Ikat and batik textiles loom large in popular American and European imagination, but the textile forms associated with these techniques are hardly the only fabrics made in Indonesia. Just as technically impressive, though aesthetically and functionally different, the textile traditions of Minangkabau weavers in Western Sumatra deserve similar acclaim.
In an effort to bring greater attention to the historic and contemporary weaving traditions of the Minangkabau, we here at Sarajo have decided to put together an online and physical exhibition of the 19th and 20th century Minangkabau textiles in our collection.
In the 14th century, a Javanese prince introduced a Tantric form of Buddhism to the Minangkabau. Islam followed in the 16th century, and by the mid-17th century most Minangkabau had adopted a belief system that combined these religions with their traditional wisdom, or adat.
By the 19th and 20thcenturies, when the textiles in this exhibition were made, the Minangkabau were living in a constellation of independent villages that shared similar cultural traditions. Each village debated and established its own guidelines for how to apply adat and Islamic traditions to their daily lives, which resulted in a diversity of locally-specific traditions. Those traditions and the effects of global exchange are evident in Minangkabau weaving practices, and will be discussed more in depth further on.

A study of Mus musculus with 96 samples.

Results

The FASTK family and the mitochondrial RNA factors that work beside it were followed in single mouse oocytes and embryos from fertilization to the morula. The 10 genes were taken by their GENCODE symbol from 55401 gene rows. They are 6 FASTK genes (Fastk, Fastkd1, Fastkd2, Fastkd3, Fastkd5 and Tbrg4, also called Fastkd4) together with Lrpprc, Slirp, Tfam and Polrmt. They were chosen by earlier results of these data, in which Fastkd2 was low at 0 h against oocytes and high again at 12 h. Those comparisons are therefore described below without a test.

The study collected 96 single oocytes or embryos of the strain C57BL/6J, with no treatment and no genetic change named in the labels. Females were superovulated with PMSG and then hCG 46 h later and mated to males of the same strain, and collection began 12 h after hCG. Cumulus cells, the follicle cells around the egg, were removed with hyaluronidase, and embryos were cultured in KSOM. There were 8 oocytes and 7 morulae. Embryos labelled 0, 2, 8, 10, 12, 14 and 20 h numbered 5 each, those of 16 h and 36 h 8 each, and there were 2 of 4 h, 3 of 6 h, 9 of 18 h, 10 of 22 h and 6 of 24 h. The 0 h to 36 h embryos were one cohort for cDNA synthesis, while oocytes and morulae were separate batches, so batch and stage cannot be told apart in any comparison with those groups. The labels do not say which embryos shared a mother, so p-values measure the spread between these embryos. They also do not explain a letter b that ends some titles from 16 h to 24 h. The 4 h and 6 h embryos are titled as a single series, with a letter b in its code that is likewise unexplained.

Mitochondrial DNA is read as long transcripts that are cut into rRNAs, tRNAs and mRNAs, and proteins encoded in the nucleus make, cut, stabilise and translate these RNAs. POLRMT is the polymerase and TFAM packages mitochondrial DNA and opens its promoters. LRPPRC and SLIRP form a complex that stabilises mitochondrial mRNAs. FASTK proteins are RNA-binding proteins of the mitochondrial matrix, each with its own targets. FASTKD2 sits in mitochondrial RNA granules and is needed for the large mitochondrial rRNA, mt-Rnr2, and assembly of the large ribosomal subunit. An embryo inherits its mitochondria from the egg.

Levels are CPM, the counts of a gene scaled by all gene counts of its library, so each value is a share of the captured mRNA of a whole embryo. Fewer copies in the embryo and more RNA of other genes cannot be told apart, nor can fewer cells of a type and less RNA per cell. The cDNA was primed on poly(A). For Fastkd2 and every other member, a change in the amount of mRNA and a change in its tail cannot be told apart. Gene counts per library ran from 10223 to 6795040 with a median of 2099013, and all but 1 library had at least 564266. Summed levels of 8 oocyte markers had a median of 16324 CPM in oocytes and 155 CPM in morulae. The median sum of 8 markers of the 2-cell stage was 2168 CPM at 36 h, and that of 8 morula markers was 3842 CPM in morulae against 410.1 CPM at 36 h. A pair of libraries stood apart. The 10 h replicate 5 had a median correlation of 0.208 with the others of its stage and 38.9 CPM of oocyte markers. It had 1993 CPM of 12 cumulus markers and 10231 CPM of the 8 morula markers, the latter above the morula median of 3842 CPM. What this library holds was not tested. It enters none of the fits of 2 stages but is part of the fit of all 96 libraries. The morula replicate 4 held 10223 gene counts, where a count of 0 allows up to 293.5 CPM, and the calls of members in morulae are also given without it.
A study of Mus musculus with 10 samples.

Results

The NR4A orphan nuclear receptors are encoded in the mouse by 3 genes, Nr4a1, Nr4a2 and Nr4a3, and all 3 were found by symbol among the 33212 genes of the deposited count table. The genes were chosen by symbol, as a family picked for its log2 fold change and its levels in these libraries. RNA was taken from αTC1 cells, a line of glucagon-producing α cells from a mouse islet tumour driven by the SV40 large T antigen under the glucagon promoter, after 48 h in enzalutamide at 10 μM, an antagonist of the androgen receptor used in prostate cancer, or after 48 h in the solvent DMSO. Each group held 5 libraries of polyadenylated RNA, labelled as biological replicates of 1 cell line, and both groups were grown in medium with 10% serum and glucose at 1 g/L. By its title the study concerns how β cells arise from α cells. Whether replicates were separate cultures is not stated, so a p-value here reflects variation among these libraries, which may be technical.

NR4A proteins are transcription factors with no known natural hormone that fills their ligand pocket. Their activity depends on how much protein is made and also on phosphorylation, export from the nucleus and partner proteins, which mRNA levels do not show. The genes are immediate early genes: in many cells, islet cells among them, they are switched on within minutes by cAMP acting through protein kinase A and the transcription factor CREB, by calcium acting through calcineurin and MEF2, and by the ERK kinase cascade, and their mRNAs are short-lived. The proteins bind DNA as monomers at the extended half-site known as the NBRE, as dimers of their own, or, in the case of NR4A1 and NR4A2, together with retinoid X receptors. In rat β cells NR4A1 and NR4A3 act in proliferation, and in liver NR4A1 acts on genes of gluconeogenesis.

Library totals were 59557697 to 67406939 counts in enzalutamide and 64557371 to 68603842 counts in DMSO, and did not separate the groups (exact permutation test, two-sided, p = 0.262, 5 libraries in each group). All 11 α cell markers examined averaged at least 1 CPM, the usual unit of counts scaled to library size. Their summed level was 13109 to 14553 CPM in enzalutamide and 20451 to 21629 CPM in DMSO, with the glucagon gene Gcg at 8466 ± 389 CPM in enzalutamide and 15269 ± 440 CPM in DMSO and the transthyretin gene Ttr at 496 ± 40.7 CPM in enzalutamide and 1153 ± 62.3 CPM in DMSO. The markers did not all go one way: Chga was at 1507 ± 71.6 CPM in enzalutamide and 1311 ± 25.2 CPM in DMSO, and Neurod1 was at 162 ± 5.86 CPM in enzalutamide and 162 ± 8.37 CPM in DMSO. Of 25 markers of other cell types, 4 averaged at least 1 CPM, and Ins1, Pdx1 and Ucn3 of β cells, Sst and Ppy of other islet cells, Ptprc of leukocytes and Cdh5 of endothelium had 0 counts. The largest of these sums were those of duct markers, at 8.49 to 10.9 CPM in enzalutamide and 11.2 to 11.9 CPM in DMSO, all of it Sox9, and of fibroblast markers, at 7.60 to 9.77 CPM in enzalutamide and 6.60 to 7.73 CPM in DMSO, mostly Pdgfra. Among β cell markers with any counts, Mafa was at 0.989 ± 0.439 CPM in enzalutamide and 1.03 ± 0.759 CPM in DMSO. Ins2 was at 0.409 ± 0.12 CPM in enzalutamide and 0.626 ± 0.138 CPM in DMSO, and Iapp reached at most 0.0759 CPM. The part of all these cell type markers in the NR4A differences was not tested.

This exhibition focuses on Minangkabau ceremonial head cloths, shoulder cloths, and waist sashes from the 19th and 20th centuries. Minangkabau weavers made them out of silk, cotton, and gold- and silver-wrapped thread, using supplementary wefts to ‘float’ beautiful designs over the richly covered ground fabrics.
Enjoy browsing this collection online or come to see the exhibition in person at Sarajo’s gallery at 31 Howard Street. Contact Yosi Barzilai at firstname.lastname@example.org or call (646) 370-6801.
Achijadi, Judi. Floating Threads: Indonesian Songket and Similar Weaving Traditions. Indonesia: BAB Publishing, 2016.
Eiko Kusuma Collection. Weaving, Dyeing and Embroidery: Diversity in Sumatran Textiles from Eiko Kusuma Collection. Japan: Fukuoka Art Museum, 1999.
Summerfield, Anne and John. Walk in Splendor: Ceremonial Dress and the Minangkabau. Los Angeles: UCLA Flower Museum of Cultural History, 1999.
Summerfield, Anne and John. Fabled Cloths of Minangkabau. Santa Barbara, CA: Santa Barbara Museum of Art, 1991.